From: The general practitioner workforce crisis in England: a qualitative study of how appraisal and revalidation are contributing to intentions to leave practice

Of 1,192 GPs who participated, 978 (82.0 %) stated that they intend to leave general practice, take a career break and/or reduce clinical hours of work within the next 5 years. This included 488 (41.9 %) who intend to leave practice, and almost a quarter (279; 23.2 %) intending to take a career break. Only 67 (5.6 %) planned to increase their hours of clinical work. For participants planning to leave practice, the issues that most influenced intentions were volume and intensity of workload, time spent on “unimportant tasks”, introduction of 7-day working and lack of job satisfaction.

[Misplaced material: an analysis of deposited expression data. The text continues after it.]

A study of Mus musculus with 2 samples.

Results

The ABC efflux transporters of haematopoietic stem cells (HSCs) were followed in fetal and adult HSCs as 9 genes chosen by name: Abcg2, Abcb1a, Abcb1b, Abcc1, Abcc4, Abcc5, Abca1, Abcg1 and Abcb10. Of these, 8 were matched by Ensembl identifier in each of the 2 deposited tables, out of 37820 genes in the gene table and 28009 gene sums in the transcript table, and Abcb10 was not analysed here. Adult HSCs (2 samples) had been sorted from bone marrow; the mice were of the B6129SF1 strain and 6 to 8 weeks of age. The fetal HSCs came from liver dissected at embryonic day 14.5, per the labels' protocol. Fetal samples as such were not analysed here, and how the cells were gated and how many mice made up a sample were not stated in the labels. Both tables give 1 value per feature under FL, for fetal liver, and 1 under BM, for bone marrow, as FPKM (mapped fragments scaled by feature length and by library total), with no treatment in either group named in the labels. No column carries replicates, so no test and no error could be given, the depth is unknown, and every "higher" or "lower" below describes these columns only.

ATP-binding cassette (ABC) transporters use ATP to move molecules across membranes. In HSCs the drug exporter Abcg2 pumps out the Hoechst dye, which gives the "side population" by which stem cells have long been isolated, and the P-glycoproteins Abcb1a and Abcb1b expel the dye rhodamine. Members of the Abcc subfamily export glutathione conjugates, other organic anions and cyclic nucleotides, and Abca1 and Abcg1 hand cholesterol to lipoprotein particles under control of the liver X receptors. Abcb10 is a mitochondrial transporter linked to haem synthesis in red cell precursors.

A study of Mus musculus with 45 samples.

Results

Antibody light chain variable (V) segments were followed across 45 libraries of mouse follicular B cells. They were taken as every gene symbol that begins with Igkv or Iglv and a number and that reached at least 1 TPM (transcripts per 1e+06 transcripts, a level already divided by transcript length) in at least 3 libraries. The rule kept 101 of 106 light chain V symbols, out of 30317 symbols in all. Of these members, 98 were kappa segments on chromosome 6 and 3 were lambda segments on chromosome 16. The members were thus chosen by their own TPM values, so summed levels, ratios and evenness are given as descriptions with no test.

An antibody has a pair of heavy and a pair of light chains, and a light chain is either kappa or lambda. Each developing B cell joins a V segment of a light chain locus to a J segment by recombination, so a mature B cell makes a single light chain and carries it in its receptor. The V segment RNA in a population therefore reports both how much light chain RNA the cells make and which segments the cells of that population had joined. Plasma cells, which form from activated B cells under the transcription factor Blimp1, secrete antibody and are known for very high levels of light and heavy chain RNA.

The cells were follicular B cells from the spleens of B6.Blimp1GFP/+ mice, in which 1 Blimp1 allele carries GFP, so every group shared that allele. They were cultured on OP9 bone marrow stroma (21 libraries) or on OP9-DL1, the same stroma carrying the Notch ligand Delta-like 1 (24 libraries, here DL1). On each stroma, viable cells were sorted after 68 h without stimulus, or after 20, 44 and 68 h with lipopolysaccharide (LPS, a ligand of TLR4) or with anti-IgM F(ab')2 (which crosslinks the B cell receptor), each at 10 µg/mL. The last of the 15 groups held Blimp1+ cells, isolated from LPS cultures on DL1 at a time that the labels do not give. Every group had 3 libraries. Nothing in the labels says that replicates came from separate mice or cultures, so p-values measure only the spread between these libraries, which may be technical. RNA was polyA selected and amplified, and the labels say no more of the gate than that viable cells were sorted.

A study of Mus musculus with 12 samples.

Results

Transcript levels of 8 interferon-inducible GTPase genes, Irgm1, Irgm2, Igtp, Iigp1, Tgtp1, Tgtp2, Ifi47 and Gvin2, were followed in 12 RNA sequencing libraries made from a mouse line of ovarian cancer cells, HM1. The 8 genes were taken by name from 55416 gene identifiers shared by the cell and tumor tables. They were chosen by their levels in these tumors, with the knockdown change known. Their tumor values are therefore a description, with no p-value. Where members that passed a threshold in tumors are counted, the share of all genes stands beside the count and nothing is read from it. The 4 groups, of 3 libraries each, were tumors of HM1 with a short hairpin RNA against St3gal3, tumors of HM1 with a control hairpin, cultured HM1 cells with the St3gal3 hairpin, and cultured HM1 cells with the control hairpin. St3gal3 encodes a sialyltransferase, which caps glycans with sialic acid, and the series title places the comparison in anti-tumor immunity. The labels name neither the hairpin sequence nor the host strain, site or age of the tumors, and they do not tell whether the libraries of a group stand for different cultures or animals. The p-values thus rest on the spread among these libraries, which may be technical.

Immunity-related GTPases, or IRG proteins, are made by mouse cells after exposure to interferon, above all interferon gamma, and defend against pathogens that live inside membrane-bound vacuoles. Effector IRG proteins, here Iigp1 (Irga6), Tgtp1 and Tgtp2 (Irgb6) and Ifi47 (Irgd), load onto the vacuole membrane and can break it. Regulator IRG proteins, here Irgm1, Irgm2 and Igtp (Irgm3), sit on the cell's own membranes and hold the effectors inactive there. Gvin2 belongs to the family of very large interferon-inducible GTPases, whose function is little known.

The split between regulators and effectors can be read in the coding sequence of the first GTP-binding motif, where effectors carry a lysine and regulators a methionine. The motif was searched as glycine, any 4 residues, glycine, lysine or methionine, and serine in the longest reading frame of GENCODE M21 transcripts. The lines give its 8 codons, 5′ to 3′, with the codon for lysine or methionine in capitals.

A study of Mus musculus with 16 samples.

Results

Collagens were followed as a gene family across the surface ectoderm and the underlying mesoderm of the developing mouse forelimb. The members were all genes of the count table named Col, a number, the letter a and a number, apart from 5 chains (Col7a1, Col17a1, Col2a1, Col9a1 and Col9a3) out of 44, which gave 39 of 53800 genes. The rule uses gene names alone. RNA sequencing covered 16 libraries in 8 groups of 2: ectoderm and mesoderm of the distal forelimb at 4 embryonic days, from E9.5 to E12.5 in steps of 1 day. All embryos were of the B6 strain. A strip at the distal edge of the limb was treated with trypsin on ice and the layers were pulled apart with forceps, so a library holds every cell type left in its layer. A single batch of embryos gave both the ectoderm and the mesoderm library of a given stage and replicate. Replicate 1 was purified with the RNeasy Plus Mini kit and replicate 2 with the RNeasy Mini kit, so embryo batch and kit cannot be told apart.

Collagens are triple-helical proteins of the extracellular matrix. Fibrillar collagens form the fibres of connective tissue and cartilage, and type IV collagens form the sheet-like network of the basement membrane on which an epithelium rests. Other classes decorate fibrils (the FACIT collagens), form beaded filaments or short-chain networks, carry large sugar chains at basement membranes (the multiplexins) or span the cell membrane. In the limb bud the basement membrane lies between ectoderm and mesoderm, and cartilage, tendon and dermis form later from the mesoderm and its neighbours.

Four hundred fifty-five participants provided free-text responses (39128 words in total). The main themes were the cumulative impact of work-related pressures, the changing and growing nature of the workload, and the consequent stress. Sub-themes included the impact on GP workload of the following: growth in patient expectations and demand; GP recruitment and retention difficulties; burgeoning administration and bureaucracy; growth in additional roles, responsibilities and time involved in meetings; transfer of work from secondary care; increasing complexity and chronic ill health; revalidation and regulatory assessment; and the introduction of 7-day working in general practice.
Reducing workload intensity, workload volume, administrative activities, with increased time for patient care, no out-of-hour commitments, more flexible working conditions and greater clinical autonomy were identified as the most important requirements to address the workforce crisis. In addition, incentive payments, increased pay and protected time for education and training were also rated as important.